APRA responds to feedback on new standards


All APRA-regulated insurers are required to designate an appointed actuary. Their role is to provide independent advice to boards and senior management on key financial risks.

APRA released two consultation papers on the issue, in June 2016 and September 2017.

It has now released details of two new prudential standards: Prudential Standard CPS 320 Actuarial and Related Matters (CPS 320) and Prudential Standard GPS 340 Insurance and Liability Valuation (GPS 340). They are accompanied by Prudential Practice Guide CPG 320 Actuarial and Related Matters.

According to APRA, the creation of a new cross-industry prudential standard (CPS 320) harmonises the requirements and expectations for appointed actuaries across all insurance sectors, including private health insurance, while still accommodating industry-specific differences.

Executive board member Geoff Summerhayes said: “Under these changes, Appointed Actuaries should be able to maintain greater focus on the most material matters, thereby better protecting the interests of their insurer and its policyholders. The changes are intended to make it easier for insurers to find and retain appropriately qualified professionals to fill this important role.

“APRA developed the standards to address concerns about high turnover and declining seniority among Appointed Actuaries.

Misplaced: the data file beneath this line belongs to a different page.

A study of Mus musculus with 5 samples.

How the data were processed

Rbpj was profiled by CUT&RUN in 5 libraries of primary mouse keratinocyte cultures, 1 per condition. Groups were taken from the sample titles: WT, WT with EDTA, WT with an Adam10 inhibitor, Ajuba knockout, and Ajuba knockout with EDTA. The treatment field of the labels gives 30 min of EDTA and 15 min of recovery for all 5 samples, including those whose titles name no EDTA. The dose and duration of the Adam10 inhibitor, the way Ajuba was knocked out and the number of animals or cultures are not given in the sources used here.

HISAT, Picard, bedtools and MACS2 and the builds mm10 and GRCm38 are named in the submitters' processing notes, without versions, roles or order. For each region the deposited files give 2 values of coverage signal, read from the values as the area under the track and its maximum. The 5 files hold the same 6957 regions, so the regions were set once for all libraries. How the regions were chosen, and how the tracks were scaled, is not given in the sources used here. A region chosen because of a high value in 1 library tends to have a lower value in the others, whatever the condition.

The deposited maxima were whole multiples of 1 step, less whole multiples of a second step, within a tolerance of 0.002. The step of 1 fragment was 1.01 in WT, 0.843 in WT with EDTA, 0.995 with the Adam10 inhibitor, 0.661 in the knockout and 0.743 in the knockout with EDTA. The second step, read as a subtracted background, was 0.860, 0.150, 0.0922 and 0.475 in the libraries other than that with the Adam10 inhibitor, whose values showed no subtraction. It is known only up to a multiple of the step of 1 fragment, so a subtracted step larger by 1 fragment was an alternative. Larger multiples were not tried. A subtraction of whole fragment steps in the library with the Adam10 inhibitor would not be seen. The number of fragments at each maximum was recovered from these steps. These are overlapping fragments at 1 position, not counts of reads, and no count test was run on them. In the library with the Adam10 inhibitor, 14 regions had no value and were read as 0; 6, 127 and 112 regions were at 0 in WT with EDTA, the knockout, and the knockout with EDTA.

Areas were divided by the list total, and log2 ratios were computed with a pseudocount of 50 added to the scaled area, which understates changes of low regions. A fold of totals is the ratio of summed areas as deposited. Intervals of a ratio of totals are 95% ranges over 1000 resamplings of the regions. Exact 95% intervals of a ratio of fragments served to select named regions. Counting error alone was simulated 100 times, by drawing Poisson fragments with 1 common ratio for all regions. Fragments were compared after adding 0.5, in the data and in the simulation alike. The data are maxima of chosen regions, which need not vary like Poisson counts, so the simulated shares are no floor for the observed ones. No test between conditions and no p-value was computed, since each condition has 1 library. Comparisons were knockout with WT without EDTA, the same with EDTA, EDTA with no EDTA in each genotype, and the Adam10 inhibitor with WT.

“Applying the requirements of CPS 320 and GPS 340 will increase flexibility, streamline requirements and clarify the seniority of the Appointed Actuary within insurers,” he said.

APRA said industry was broadly supportive of the proposed changes but minor modifications were made to the final standards in response to industry feedback. APRA has also extended the implementation time for the new standards until 1 July 2019.

“APRA will continue to work with industry in the lead-up to the implementation date to help insurers establish effective frameworks to accommodate the requirements of CPS 320 and GPS 340,” said Mr Summerhayes. 

“However the success of these reforms rests ultimately with Appointed Actuaries, insurers and their boards, which must now reflect on how the Appointed Actuary is used and supported within their organisations, and respond accordingly.”